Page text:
St. Louis man set to serve 241 years in prison reflects on first weeks of freedom since 1995
Bobby Bostic began parole two weeks ago after serving 27 years
ST. LOUIS, Mo. (KMOV) - A welcome home celebration for former inmate Bobby Bostic was held on Saturday.
The service at Williams Temple Church on Union Blvd was in support of Bostic, 43, who was released from prison after nearly three decades.
News 4 sat down with Bostic one-on-one Saturday.
“Everything that everyone on the street takes for granted is something I’m going to appreciate every day for the rest of my life because I was deprived of those things for 27 years,” Bostic says.
Bostic had been incarcerated since 1995, after committing a series of robberies in St. Louis when he was 16 years old.
After being convicted of more than a dozen charges, Bostic was sentenced to 241 years in prison.
“She pronounced that at sentencing when she told me I would die in prison,” Bostic says. “It was basically a death sentence.”
Bostic wouldn’t have been eligible for parole until he was 112 years old. Although he expected to spend the rest of his life in prison, Bostic wanted to change who he was.
Bostic started reading books and eventually wrote 15 of his own.
“I wanted to do more than die in prison,” Bostic says. “Even though I wasn’t ever getting out, I wanted something better because when I looked around prison all I saw was darkness. Just stupidity and ignorance. This can’t be my life. There has to be something better than this.”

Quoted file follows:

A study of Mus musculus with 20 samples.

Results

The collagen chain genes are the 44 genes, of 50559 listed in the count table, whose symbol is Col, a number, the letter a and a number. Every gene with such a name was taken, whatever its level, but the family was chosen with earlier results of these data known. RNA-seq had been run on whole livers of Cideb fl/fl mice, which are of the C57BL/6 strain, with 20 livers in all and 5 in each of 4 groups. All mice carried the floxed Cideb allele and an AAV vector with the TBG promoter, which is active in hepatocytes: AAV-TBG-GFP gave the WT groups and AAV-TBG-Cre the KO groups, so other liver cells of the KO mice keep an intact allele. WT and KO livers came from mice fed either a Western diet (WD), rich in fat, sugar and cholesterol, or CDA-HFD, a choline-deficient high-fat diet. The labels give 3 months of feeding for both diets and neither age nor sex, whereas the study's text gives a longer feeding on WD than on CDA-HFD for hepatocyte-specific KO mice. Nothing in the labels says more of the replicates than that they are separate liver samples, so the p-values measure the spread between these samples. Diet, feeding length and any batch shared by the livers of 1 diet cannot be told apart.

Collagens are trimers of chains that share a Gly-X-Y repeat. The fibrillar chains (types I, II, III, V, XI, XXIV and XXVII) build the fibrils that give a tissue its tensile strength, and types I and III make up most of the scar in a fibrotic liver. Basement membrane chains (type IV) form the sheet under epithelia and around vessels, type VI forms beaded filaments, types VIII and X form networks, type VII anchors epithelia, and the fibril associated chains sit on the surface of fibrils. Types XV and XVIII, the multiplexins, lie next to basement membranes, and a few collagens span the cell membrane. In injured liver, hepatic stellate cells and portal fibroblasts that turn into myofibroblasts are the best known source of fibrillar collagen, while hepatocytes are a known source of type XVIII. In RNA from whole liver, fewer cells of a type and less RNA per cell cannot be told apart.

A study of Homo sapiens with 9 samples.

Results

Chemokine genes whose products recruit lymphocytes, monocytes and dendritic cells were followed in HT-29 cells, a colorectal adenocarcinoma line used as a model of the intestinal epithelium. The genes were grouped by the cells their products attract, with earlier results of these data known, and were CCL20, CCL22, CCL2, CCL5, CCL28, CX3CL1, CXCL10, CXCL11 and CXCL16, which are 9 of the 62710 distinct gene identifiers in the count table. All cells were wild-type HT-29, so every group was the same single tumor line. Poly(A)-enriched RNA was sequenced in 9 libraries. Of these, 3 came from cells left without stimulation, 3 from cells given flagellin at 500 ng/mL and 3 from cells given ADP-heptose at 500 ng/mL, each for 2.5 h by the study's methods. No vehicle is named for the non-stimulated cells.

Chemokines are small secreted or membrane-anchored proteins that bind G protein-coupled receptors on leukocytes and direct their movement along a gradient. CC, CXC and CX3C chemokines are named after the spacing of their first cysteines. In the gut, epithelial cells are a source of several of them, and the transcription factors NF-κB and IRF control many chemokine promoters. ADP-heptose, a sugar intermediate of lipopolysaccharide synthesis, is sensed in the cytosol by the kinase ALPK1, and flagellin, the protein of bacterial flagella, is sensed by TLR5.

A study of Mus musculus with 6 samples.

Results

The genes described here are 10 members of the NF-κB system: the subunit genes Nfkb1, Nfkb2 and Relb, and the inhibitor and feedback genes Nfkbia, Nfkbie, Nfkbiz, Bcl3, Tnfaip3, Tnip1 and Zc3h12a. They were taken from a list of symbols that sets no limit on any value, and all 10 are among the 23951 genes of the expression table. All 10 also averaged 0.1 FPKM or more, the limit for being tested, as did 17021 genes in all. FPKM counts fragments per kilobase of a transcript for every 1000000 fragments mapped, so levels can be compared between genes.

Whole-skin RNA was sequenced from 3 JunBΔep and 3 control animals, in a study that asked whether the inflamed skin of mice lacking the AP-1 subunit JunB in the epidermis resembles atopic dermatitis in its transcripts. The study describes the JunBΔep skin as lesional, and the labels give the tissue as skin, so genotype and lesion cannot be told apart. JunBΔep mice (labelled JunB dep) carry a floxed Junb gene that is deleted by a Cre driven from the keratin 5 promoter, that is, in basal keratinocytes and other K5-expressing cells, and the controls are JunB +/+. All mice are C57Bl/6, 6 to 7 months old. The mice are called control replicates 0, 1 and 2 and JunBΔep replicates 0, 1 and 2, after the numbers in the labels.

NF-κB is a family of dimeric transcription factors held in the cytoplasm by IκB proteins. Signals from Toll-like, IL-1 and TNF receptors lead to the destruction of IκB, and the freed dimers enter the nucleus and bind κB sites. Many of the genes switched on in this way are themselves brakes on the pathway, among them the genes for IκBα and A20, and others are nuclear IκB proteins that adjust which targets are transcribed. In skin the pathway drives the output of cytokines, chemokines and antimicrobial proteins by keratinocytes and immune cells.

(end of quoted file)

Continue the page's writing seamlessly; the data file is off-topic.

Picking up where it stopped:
While in prison, Bostic also earned an Associate’s Degree. He says the degree cost $28,000, which is something his family couldn’t afford.
Bostic says the kindness of strangers allowed him to get that degree.
“They saw I was trying to do something with my life,” Bostic says. “There are good people in the world and they saw goodness in me in prison so they helped me.”
While Bostic was working to better himself in prison, the judge who issued his 241-year sentence noticed.
For four years, Evelyn Baker advocated for Bostic and a second chance at life.
“Just to have that opportunity is the biggest blessing that anybody could ever think of when you were never getting out,” Bostic says.
Bostic become eligible for release after the Missouri legislature changed state law, allowing inmates convicted as juveniles to apply for parole.
On Nov. 9 Bostic was given that second chance when he walked out of prison on parole.
“It was the greatest feeling in the world,” Bostic says. “It was surreal. It was like the sun was shining for the first time when you walk out in the sunshine with no cuffs on.”
Bostic is working to get his Bachelor’s Degree, hoping to enroll in a university in St. Louis and just got his own driver’s license.
The most important thing to Bostic is appreciating all the little things that come with his newfound freedom.
“Everything in the world is different but it’s beautiful though,” Bostic says. “The grocery store, the laughter of the kids, the grass. We couldn’t walk on the grass all day. Just the leaves. Everything I see in nature. Everything is a blessing.”
Bostic also has a message for teens in the community.
“You don’t wanna go through what I went through,” Bostic says. “You don’t wanna be 16 and lose your whole life to the system.”
Bostic continues to keep in touch with the former judge who helped make parole possible for him, even spending Thanksgiving with her on Thursday.